JK Rowling’s The Casual Vacancy begins it’s BBC1 adaptation tonight, so a few of you may be wondering whether or not the book is any good. I first read and reviewed The Casual Vacancy back when it was published in 2012.
Below is my review from three years ago…
So my last blog post was about how Harry Potter and JK Rowling has appeared throughout my personal and professional life. The reason for that was so that I could write this blog about her newest book – The Casual Vacancy – purely on the merits of the book itself.
However, now, as I sit down to write this blog, I wonder if that it is possible – and if it is, should I?
With any established brand – and that is what she is – whether it’s a TV series, a musician or a maker of champagne, there is the expectation on the next product to be as good as the previous one, if not better. Executed badly, they risk devaluing a franchise (various film series spring to mind here), but if it’s pulled off, they can reap huge rewards.
Some might say it’s unfair to judge The Casual Vacancy in comparison to the Harry Potter series, but the truth is a lot of people will buy The Casual Vacancy whether they like the sound of the plot or not, because they are fans of Rowling. Her writing, her characterisation, her plotting and her pacing are hallmarks of her writing, and so must be assessed in terms of both their standalone appearance in this novel, and in comparison to her previous publications.
It would, however, be unfair to compare the impact. Potter was a cultural phenomenon, which The Casual Vacancy will never be, but that doesn’t mean it isn’t as good as Potter – or indeed, better.
So, now that I’ve set out my stall, it’s time to actually find out if it was actually any good…
I liked it.
The plot is subtle. It concerns a village – Pagford – on the edge of a larger town, Yarvil – and The Fields – an estate between the two. The parish council of Pagford is split into two factions, those who wish The Fields to be governed by Yarvil – led by the pompous, big fish in a small pond, Howard – and those who wish for it to be governed by Pagford.
The second faction was, up until about page 5, led by Barry Fairbrother, but when he dies, he leaves a spare seat on the council, the Casual Vacancy referred to in the title.
The next 500 pages or so are about the three potential replacements, their families and friends and Krystal Weedon a resident of The Fields and her family.
It doesn’t exactly sound very exciting. It’s certainly no “Boy Wizard and friends defeat Dark Lord by destroying seven split pieces of his soul”.
But the plot isn’t really the point. It’s about the characters and their relationships with each other. It sort of attempts social commentary, but I don’t think it really succeeds – the concept of a parish council in a small village is too far removed from the realities of most modern lives.
What it does succeed in though, is the development of a fascinating group of characters. The characters of The Casual Vacancy – specifically Krystal Weedon, Andrew Price and Fats Wall – compare tremendously well to their Potter counterparts.
These characters seem real and of this world. Harry Potter was never supposed to be of this world, but looking back on him and Hermione and Ron now, they seem a bit two dimensional.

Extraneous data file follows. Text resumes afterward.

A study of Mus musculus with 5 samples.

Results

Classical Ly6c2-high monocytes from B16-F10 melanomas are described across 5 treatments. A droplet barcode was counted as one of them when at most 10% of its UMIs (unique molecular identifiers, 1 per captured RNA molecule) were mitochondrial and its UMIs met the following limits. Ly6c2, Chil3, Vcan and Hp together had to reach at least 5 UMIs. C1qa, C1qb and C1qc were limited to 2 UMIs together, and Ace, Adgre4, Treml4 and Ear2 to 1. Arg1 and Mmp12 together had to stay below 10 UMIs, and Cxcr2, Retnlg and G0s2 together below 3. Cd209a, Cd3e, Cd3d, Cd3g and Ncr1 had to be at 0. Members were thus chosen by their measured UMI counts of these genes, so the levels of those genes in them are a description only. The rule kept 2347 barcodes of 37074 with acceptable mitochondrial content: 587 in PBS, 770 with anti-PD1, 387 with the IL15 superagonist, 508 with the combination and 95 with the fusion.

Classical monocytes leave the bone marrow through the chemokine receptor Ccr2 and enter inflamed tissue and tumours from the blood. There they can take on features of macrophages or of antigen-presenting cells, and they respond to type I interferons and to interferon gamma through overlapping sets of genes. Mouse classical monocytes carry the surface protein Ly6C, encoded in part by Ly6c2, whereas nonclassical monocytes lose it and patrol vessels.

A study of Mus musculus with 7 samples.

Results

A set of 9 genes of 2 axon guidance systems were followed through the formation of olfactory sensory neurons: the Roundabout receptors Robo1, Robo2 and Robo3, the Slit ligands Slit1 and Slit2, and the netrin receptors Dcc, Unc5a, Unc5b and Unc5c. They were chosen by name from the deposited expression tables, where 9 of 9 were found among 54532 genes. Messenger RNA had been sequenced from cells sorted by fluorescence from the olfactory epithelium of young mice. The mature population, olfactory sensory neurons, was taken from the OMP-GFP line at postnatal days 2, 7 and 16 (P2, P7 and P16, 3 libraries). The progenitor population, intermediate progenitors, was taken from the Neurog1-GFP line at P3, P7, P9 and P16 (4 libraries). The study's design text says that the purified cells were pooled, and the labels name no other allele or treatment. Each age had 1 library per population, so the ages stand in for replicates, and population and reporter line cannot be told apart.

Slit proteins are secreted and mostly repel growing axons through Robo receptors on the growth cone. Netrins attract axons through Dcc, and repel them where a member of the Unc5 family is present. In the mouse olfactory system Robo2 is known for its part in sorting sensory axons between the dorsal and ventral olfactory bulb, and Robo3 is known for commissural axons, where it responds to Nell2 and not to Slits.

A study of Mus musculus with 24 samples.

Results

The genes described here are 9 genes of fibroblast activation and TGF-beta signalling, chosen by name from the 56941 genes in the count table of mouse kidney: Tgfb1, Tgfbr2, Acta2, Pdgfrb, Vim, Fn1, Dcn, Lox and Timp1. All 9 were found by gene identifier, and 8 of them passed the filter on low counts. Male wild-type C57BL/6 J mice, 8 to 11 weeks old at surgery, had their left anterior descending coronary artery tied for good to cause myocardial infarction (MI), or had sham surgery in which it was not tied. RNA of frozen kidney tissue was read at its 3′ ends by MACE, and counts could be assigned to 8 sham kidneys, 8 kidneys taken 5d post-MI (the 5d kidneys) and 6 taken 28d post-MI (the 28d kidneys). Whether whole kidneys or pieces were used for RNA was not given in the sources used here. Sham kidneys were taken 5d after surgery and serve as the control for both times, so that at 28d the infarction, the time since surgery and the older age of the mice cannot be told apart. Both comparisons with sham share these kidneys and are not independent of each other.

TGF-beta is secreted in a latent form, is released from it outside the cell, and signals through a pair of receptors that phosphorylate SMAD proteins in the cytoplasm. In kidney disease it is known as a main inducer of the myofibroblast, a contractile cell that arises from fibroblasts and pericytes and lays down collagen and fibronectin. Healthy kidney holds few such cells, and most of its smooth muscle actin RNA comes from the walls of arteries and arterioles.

Casual Vacancy is told from a number of different viewpoints, something which helps build the scope of the novel, but which also helps to define the characters and their relationships with each other.
All of the characters are horrible. I don’t think I can look back on them and truly say I liked any of them – but I certainly felt sympathy for them, and I definitely got to know them in a way that, over seven books, I didn’t know Harry Potter (who was always a bit coy over defining his feelings).
Maybe that’s the point Rowling is trying to make – we’re all as horrible as each other, and even those people that we like, our friends, our family, our lovers, if we were inside their head and knew everything they were thinking, would we still like them as much? Probably not.
Like them or not, you get to know the characters so well, that you CARE about the results of the election. It feels tense as you build closer and closer to it until you get there, when suddenly it doesn’t matter any more. From the day of the election, the story spirals out of control of the hands of our characters. A chain of events begins that will likely change the dynamics of the village for a long time, and it is, a little bit heartbreaking.
Not bad for a plot-light book about a local election.
The Weedon family’s dialogue where Rowling falls into the trap of trying to write an accent. It goes over the top a bit, and reminds me of her writing of Hagrid. Also as a resident (sort-of) of the West Country where Pagford is supposedly located, it reads more as Scouse than Farmer…
Rowling’s over-use of brackets to for explanation of back story (sometimes lasting over a page) is distracting.
Howard and Shirley Mollison while good characters, were also good characters when they appeared in the Harry Potter series. They are Petunia and Vernon Dursley, albeit a few years older. They are Mr and Mrs Muggleton of Muggleville.
That’s about it for negatives.
The book certainly isn’t for everyone. It’s not a page-turner, more of a slow-build, but if you have the time to invest in it, and you have a taste for books from the more literary end of the spectrum then I would certainly recommend giving it a go. Even if you didn’t like Harry Potter. Perhaps, especially if you didn’t like Harry Potter. It’s completely different.
I’m giving The Casual Vacancy a 7.5 out of 10. It is by no means perfect, and it’s not going to change anybody’s life, but it is enjoyable, and it is well written.